The heroes of Fall Guys: Ultimate Knockout are built, or born, to fall—but they aren’t guys. They resemble upright, eggshell-white jelly beans, with black oval eyes and no mouths (clearly, they have evolved beyond the need, or the desire, to scream). They have wide, flapping arms and chunky fingers, like the heroes of Chicken Run. Some wear rubbery costumes, bequeathing the look of wolves, pigeons, or hot dogs. Beneath their bulk is a pair of slip-prone plasticky feet. It is as though the developer, Mediatonic, took the concept of Hasbro’s Weeble—“Weebles wobble, but they don’t fall down,” ran the slogan—and decided to undo the guiding ethos. The fall guys of Fall Guys fall down.
This toyish look—proofed, like a toddler’s plaything, against the intrusion of darkness and difficulty—seems to have captured Mediatonic’s (along with the public’s) imagination. The studio’s last big game was Gears Pop, which squeezed the visual language of Gears of War—the broken, cigar-brown skylines, and the gore—and sealed it with a non-toxic gloss. The heroes resembled Funko Pop figurines, with giant heads and shark-blank eyes; when dispatched, they went up in puffs of smoke, leaving behind glinting gold coins. Even the death was diecast. That art style, while queasily unappealing, suggested an intriguing clash: between the shadow-stained grit of Gears of War and the bloodless good time demanded by the world of Funko. In Fall Guys, there is no such conflict; it’s all good time, and the only malice is that which may simmer within you, as you’re swept off the edge of a level by your fellow-fallers, like a tide of Tic Tacs.
The premise is simple: 60 of these happy little pills—you and 59 other players online—jostle through a series of padded obstacles, in an attempt to be the last one standing. These arenas teem with threats and temptations: whirling bars that bat you into oblivion, unless you jump them just in time; spinning discs which, if timed properly, can seize you onwards; jumbo windmills, plucked from a course of crazy golf, that lure you in with the reward of a turbocharged ramp. It’s a battle royale, then; only, there are no centripetal walls of flame, no mercenaries scraping weapons from spectral towns, and, most important, no great cares. If you’ve felt fatigued by long matches of Call of Duty: Warzone or PlayerUnknown’s Battlegrounds—the gradual burnout of tension, as the wired frays and slackens into the weary—then Mediatonic, true to its name, is offering refreshment. But the challenge of making a game that appears carefree is getting people to care: to see its pleasures as light, not lightweight.
The first coup, of huge help to this cause, is offering the game as part of a PlayStation Plus subscription. The trick worked for Rocket League, blasting that game into the stratosphere, and the publisher, Devolver Digital, has sniffed a similarly fuelled launch—along with a jet-boosted player base. The second, pairing nicely with its low price, is its respect for your time. As with the rest of the battle royale genre—and indeed life—it’s a game you are likely to lose, and the challenge is to fail onwards and funwards, to snatch up success in the middle moments and not glue your gaze to the final prize. In this way, Fall Guys is the most successful battle royale; it provides laughs roughly every 9.7 seconds, and lessens the impact of losing by pouring on the Kudos points (good for purchasing new outfits) and ushering you into the next match with minimal loading or fuss.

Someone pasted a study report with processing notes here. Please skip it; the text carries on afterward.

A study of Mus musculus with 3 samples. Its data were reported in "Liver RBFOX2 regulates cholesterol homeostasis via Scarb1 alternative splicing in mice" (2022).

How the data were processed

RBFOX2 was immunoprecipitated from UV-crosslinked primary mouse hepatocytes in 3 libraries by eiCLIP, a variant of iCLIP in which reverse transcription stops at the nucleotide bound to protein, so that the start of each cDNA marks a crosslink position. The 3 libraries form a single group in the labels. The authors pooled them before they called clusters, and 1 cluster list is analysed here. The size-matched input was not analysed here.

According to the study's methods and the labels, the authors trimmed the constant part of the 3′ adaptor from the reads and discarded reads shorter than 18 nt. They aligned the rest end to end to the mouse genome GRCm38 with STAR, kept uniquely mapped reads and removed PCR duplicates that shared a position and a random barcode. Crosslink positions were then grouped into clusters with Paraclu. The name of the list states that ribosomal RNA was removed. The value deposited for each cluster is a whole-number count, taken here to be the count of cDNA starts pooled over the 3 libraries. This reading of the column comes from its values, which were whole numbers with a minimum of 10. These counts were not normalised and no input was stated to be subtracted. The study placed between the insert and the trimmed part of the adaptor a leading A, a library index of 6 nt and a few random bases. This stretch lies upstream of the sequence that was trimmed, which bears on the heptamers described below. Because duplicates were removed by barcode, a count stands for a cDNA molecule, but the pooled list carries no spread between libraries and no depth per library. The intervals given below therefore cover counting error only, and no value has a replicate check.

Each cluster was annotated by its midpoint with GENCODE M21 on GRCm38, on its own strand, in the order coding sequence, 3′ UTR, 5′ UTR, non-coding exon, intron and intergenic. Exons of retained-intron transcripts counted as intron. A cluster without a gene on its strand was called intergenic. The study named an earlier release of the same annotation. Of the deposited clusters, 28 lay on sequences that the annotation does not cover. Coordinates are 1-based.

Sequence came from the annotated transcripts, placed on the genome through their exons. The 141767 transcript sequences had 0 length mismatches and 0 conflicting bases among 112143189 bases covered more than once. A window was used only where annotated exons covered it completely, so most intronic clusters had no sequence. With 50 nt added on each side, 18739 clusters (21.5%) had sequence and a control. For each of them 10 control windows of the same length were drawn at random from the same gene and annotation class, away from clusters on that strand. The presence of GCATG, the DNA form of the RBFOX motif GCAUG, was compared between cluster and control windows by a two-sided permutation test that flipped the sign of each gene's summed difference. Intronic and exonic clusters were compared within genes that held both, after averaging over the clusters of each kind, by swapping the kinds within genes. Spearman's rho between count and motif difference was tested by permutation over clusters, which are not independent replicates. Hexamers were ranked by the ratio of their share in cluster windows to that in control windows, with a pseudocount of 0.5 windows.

And yet, while it might be churlish to balk at the breezy spectacle that Mediatonic has served up, Fall Guys has failed to grip me. Why is this so? For a start, the laughs aren’t that loud; each fumble may give rise to a chuckle, as you skate backwards down a slime-coated incline, say, or jump headfirst into a fake door, but, more often than not, I was more irritated than amused. And as for the fumbles themselves, they often arise not from the devilish spread of each playground, or the competitive crush of the horde, but from a slightly lagged input, a sudden jerk of the camera as it crunches into a rare tight space (the PS4 version doesn’t yet include the option to invert the Y axis), or a jitter in framerate. It’s a game whose gleefully frantic air cries out for the furnishing of first-party Nintendo, where smoothness—not just of online performance but of general precision—is pursued at all costs, and chaos arises purely from the mechanics of play.
Of course, a comparison to Nintendo would make most games come off rough, and Mediatonic has weathered the storm of its release, beefing up servers to cope with the strain. I have had little trouble finding a match in the last few days, and they are filled with players in a few seconds. Only once was I disconnected from the lobby, but, even in the thick of a match, there is a mood of disconnection running throughout. In a way that fits our current bubble, playing it feels as if you’re in a party being conducted over Zoom. Its tone and hook put it in league less with other battle royale games and more with Mario Party Crash Bash or Worms (a series that long ago perfected the art of making explosive fun out of failure). Without local co-op or split screen—Mediatonic has said, on Reddit, that this may be patched in post-launch—and thus the chance to fill a room of your home with tangible foes, I’m left feeling oddly empty.
To publicly admit dissatisfaction with Fall Guys feels akin to shooting a kitten, or else crying out for attention. Its soft-edged blobs and bright colours have arrived on a sugared river of PR and positive vibes. It is a game primed for success, in a time of seething isolation and downed spirits. There is sometimes a buried, begrudging impulse that emerges when you’re met with the buzz of a phenomenon that leaves you with the impression that everyone else has fallen for something that you’re too smart for. The irony is that, most of the time, it’s you who has fallen short.